CORPORATE CRIME REPORTER
to Pay More than $4 Million to Settle False Claims Act Charges
22 Corporate Crime Reporter 13, March 27, 2008
Otsuka American Pharmaceutical Inc., the U.S. subsidiary of Japanese pharmaceutical manufacturer Otsuka Pharmaceutical Co., Ltd., will pay more than $4 million to resolve allegations that it marketed Abilify, an atypical antipsychotic drug, for "off-label" uses.
Otsuka developed Abilify in Japan and then entered into an agreement with Bristol-Myers Squibb (BMS) to co-promote sales of the drug in the United States.
Under the agreement, Otsuka sales representatives worked on sales teams led primarily by BMS sales managers.
In September 2007, BMS and the government entered into an agreement resolving allegations that BMS had promoted Abilify for off-label uses.
The Food and Drug Administration (FDA) has approved Abilify to treat adult schizophrenia and bi-polar disorder but has not determined the drug to be safe and effective in the treatment of children and adolescents or in the treatment of geriatric patients suffering from dementia-related psychosis.
The FDA has mandated that the package for Abilify carry a "black box" warning concerning its use in the treatment of dementia-related psychosis.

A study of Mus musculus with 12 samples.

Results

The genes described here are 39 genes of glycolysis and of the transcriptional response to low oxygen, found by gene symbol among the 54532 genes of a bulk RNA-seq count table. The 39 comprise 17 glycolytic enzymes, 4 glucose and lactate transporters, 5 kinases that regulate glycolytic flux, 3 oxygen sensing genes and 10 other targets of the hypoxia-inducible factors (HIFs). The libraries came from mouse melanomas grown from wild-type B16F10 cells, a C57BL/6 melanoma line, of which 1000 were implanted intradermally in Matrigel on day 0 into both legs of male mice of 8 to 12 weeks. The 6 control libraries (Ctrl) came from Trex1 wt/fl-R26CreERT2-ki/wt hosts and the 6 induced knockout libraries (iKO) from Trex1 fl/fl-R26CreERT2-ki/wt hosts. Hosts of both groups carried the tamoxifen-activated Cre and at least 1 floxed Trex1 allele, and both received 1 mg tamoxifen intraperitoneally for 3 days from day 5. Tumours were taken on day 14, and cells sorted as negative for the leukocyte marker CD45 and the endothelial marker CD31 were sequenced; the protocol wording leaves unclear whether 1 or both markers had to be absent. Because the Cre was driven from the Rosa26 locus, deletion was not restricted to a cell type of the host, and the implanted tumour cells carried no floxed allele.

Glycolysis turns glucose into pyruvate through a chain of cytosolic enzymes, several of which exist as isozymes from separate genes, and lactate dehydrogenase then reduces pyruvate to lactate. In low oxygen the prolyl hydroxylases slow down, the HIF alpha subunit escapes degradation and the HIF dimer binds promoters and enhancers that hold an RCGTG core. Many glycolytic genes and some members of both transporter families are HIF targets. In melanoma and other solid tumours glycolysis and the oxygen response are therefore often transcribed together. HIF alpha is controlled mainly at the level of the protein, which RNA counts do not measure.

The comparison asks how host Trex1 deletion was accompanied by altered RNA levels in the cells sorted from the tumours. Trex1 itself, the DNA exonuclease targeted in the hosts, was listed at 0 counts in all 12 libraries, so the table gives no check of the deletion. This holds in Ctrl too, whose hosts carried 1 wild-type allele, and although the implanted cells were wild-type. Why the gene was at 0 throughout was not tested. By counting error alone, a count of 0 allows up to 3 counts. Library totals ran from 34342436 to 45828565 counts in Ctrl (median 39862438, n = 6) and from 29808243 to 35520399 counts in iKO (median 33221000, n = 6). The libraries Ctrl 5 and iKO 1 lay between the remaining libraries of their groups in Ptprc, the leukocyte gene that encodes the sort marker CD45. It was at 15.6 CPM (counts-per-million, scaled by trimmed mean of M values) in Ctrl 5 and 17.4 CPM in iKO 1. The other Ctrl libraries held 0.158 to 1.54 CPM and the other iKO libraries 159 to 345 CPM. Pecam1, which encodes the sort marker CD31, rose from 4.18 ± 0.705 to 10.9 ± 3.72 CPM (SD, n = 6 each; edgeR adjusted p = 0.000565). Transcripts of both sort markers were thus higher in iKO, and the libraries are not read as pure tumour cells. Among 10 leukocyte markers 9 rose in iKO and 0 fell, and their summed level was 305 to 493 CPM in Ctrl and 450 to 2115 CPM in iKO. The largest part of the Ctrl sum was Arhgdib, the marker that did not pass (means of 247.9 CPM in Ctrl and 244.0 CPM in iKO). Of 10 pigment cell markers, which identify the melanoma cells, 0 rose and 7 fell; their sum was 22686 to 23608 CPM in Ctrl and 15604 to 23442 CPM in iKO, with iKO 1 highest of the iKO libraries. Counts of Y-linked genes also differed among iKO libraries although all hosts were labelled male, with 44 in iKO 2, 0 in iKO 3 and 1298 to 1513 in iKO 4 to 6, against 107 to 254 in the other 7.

The settlement resolves federal allegations that, from 2002 through the end of 2005, Otsuka knowingly promoted the sale and use of Abilify for pediatric use and to treat dementia-related psychosis.
Otsuka is alleged to have participated in directing its sales force to call on child psychiatrists and other pediatric specialists, with the sales force then urging those physicians and others providers to prescribe Abilify for pediatric patients.
Otsuka sales representatives also participated in a specialized long term care sales force that called almost exclusively on nursing homes, where dementia-related psychosis is far more prevalent than schizophrenia or bipolar disorder.
Because of the potential market benefit, the long term care sales force promoted Abilify off-label for the treatment of dementia-related psychosis.
The federal recovery is approximately $2.3 million.
Otsuka also will pay approximately $1.7 million to the Medicaid programs in the participating states.
The settlement resolves the remainder of the allegations made in a False Claims Act qui tam action entitled United States ex rel. Piacentile v. Bristol-Myers Squibb Co. and Otsuka Pharmaceutical Co., Ltd., Civil Action No. 05-10196-MLW (D. Mass.).
The Department of Justice settled claims based on the same allegations with BMS in September 2007.
whistleblower, Joseph Piacentile, a physician, will receive a total of approximately
$348,000 as his share of the federal recovery amount from the settlement, and
an additional share of the state settlement amount.